Interest in Prince’s music exploded hours after the death of the multi-talented U.S. rock, funk and pop idol. By Thursday evening, eight out of the 10 most popular digital song downloads bought on Apple’s iTunes Store were from the Minnesota-born artist, with his signature “Purple Rain” supplanting Lukas Graham’s “7 Years” as the best-selling track, followed by “Little Red Corvette” and “1999.”
Prince’s full albums were also the most popular iTunes picks, led by two “best of” compilations, followed by “Purple Rain.” Seven of the 10 most popular albums on iTunes as of Thursday evening were from Prince.
Even Adele, the immensely popular British crooner, couldn’t withstand the onslaught of demand – her album “25,” which has hovered near or at the top of the Apple iTunes chart since its November release, was knocked from No. 5 to No. 10. Chris Stapleton, Twenty One Pilots, Lukas Graham and James Bay were wiped off the top 20 list completely as Prince’s albums took over half the slots.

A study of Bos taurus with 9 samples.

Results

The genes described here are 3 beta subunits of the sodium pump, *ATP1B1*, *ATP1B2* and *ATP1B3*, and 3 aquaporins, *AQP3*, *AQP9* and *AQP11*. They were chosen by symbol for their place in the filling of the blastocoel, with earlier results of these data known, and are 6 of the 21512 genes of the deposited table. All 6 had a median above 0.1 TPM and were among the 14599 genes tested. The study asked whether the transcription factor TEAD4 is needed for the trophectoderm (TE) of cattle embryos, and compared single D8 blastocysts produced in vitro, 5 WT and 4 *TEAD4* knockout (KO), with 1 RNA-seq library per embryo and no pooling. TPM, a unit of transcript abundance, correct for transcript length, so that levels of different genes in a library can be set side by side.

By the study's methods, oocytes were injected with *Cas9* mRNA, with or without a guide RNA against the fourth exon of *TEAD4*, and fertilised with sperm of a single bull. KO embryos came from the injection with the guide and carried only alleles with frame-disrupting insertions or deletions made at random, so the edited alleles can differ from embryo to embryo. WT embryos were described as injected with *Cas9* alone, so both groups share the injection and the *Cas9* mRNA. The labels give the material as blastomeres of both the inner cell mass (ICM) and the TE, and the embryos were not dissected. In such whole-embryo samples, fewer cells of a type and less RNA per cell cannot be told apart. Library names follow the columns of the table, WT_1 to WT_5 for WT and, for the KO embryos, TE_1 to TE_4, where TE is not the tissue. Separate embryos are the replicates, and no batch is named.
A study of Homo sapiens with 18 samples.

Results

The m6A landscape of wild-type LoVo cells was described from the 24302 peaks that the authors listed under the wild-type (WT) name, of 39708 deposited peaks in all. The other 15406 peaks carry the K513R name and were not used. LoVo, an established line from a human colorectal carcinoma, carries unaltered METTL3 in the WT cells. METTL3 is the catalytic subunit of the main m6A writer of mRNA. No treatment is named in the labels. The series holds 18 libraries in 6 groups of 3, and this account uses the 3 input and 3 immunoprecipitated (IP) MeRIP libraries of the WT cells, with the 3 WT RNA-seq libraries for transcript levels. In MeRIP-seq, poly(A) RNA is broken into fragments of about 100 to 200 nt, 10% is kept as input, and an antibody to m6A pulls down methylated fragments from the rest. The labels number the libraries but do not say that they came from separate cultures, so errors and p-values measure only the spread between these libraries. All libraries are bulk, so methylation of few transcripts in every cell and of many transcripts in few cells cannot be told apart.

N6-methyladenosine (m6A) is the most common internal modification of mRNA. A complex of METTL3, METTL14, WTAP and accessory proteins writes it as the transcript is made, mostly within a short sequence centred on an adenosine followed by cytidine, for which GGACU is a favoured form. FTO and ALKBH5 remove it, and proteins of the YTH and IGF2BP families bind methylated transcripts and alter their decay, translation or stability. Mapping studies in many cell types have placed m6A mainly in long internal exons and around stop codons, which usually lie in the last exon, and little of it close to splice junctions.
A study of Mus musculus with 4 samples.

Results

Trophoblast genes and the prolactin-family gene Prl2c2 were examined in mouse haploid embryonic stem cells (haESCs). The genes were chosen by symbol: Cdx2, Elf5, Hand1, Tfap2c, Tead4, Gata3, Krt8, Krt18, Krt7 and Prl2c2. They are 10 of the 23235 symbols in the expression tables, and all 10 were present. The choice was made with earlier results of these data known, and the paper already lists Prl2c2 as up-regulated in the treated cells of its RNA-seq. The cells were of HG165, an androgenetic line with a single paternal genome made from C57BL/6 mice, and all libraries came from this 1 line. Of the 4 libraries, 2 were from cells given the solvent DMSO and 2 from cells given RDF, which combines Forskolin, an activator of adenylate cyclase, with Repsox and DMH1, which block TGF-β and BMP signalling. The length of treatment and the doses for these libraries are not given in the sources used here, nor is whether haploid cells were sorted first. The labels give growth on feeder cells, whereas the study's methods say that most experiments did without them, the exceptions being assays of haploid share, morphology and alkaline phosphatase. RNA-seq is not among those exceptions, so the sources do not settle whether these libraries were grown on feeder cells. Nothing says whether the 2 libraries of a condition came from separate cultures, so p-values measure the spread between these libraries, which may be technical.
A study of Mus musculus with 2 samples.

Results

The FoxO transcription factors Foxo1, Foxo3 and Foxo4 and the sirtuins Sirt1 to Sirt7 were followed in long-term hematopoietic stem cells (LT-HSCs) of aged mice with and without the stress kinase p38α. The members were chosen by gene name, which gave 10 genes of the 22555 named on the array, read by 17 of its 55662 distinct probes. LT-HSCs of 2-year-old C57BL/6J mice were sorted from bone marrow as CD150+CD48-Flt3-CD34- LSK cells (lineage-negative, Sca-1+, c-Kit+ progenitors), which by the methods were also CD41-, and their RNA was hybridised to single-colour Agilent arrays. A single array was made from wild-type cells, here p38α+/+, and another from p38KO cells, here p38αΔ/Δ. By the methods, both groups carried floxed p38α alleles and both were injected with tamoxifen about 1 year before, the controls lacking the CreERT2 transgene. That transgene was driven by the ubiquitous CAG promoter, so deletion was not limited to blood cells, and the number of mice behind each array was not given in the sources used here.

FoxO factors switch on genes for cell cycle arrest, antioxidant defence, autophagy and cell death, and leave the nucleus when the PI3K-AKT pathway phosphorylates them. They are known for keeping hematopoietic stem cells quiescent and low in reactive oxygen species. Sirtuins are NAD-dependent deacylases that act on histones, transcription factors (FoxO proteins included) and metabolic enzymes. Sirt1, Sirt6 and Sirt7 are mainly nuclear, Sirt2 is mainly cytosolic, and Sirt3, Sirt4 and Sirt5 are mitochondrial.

The deaths of immensely popular music artists have a tendency to be windfalls for Apple, the music industry and the recipients of residuals as consumers flock to revisit or discover the works.
A similar phenomenon happened following the Jan. 10 death of David Bowie, the dynamic British rock star, whose works took up nearly half of the top 10 most popular albums sold on iTunes within hours after news of his death emerged. His last album “Blackstar,” released two days before his death, briefly knocked Adele’s “25” off the No. 1 spot.
I was so thrilled to be so close, but was I enough of a Prince fan to deserve this incredible proximity? For a $10 cover? I felt lucky.
— Sharyn Jackson (@SharynJackson) April 21, 2016
Prince, born Prince Rogers Nelson, 57, died Thursday morning at his Paisley Park estate in Chanhassen, Minnesota, from still-unknown causes. Prince had reportedly suffered a bought of the flu, but performed to a small audience Saturday at his estate, which features two public performance venues. He charged a $10 cover.